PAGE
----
Exploring Our World: People, Places, and Cultures
History and Cultures of South Asia
Around 2500 B.C., people in South Asia developed what may have been the region’s first cities in the Indus Valley. Centuries of farming, industry, and trade brought wealth to the region; the people developed clay pottery and cotton cloth as well as a writing system. The decline of this civilization may have been because the Indus River changed course. The Aryans settled in northern South Asia about 1500 B.C., bringing a highly structured civilization based on social status. The Mauryan and Gupta empires arose in early South Asia from the 300s B.C. to A.D. 300s. Culture and science thrived under them. During the early 1500s, Muslim Moguls formed an empire in South Asia.
During the 1600s, traders from England arrived in India and soon became the dominant power in South Asia. By the mid-1800s, the British had colonized most of the region. Although British rule brought modernization to the region, it also caused hardship for the people. By the early 1900s, independence movements had begun. After World War II, countries gradually achieved their independence. With independence came conflict for some countries: India and Pakistan still fight for control of the Kashmir region, and a civil war troubles Sri Lanka.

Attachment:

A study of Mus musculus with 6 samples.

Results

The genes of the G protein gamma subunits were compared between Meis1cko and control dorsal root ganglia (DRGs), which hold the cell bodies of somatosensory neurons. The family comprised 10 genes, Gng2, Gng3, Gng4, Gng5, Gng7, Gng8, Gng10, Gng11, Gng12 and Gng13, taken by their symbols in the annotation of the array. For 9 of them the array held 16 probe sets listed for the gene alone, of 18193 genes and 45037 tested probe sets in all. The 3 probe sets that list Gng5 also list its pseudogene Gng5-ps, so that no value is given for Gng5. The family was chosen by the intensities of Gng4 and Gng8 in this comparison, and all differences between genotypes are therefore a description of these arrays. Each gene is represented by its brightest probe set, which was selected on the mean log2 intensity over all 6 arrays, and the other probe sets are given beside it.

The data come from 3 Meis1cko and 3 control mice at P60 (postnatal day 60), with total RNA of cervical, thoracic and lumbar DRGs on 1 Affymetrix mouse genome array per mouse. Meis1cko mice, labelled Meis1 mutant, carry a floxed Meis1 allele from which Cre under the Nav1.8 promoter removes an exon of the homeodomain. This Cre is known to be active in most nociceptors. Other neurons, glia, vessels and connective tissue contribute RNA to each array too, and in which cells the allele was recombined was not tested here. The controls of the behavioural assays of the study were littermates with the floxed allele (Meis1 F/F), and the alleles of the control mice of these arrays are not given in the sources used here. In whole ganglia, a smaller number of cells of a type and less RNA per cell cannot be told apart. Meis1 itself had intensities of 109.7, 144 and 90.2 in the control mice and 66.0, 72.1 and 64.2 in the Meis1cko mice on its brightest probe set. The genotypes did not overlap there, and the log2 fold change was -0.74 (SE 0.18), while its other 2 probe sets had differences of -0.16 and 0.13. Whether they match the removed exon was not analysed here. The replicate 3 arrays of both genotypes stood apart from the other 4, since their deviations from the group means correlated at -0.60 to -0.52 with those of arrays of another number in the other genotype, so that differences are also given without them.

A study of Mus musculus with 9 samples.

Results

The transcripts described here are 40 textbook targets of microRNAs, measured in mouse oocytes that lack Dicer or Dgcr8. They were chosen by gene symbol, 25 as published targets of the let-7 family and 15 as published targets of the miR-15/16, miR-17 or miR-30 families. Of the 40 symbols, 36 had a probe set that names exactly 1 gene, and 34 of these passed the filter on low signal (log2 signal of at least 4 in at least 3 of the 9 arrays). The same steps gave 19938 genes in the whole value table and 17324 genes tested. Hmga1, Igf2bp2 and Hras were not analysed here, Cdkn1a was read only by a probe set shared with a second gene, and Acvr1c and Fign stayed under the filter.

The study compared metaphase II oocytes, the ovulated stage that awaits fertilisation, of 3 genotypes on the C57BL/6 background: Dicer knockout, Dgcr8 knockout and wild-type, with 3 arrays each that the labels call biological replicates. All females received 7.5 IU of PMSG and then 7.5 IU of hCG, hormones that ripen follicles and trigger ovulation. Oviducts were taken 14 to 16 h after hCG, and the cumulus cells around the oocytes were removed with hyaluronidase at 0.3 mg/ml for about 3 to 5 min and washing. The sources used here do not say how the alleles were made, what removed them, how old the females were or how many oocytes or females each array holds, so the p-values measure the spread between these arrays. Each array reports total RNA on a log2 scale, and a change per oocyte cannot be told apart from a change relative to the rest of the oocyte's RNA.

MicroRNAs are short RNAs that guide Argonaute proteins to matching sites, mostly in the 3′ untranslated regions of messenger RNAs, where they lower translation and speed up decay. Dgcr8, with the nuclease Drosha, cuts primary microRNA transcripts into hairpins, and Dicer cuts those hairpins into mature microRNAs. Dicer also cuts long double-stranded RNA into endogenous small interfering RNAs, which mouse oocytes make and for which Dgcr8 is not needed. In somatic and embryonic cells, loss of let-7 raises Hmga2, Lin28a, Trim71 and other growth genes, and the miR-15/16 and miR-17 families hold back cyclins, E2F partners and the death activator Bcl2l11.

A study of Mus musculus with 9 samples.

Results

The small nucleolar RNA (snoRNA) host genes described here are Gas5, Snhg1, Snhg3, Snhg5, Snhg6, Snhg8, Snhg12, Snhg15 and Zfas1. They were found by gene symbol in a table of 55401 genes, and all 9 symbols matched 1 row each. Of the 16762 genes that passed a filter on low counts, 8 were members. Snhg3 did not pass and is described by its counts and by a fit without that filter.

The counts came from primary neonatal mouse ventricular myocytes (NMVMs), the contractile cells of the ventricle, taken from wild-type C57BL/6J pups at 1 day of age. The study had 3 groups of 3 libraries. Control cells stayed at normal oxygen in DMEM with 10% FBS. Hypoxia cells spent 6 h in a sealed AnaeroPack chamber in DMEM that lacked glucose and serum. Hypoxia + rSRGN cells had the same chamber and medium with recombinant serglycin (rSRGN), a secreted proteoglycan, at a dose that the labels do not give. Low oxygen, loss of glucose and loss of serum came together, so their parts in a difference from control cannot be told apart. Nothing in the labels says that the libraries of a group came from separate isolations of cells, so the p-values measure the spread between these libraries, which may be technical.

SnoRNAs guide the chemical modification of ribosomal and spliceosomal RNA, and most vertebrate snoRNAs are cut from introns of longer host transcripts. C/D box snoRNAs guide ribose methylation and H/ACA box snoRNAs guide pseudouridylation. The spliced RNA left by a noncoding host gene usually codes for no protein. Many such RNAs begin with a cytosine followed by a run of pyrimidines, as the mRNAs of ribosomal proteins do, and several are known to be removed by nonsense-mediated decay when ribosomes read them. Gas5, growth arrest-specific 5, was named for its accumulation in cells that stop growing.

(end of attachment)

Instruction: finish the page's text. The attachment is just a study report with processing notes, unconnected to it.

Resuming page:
South Asia is the birthplace of several world religions, including Hinduism and Buddhism, and these religions are still important today. Hinduism is the area’s most widely practiced religion: most people in India and Nepal are Hindu. Islam is the second-largest faith in the region. Buddhism remains strong in Sri Lanka, Nepal, and Bhutan. Art and architecture in South Asia reflect this religious influence. The lives of South Asians of all religious faiths are centered on the family. In many areas, marriages are arranged by families. Over the last century, the population of South Asia has grown dramatically due to better health care and high birthrates. As a result, South Asia contains three of the world’s most populous nations: India, Pakistan, and Bangladesh. More than two-thirds of South Asians live in rural areas, although the region has several large and growing cities.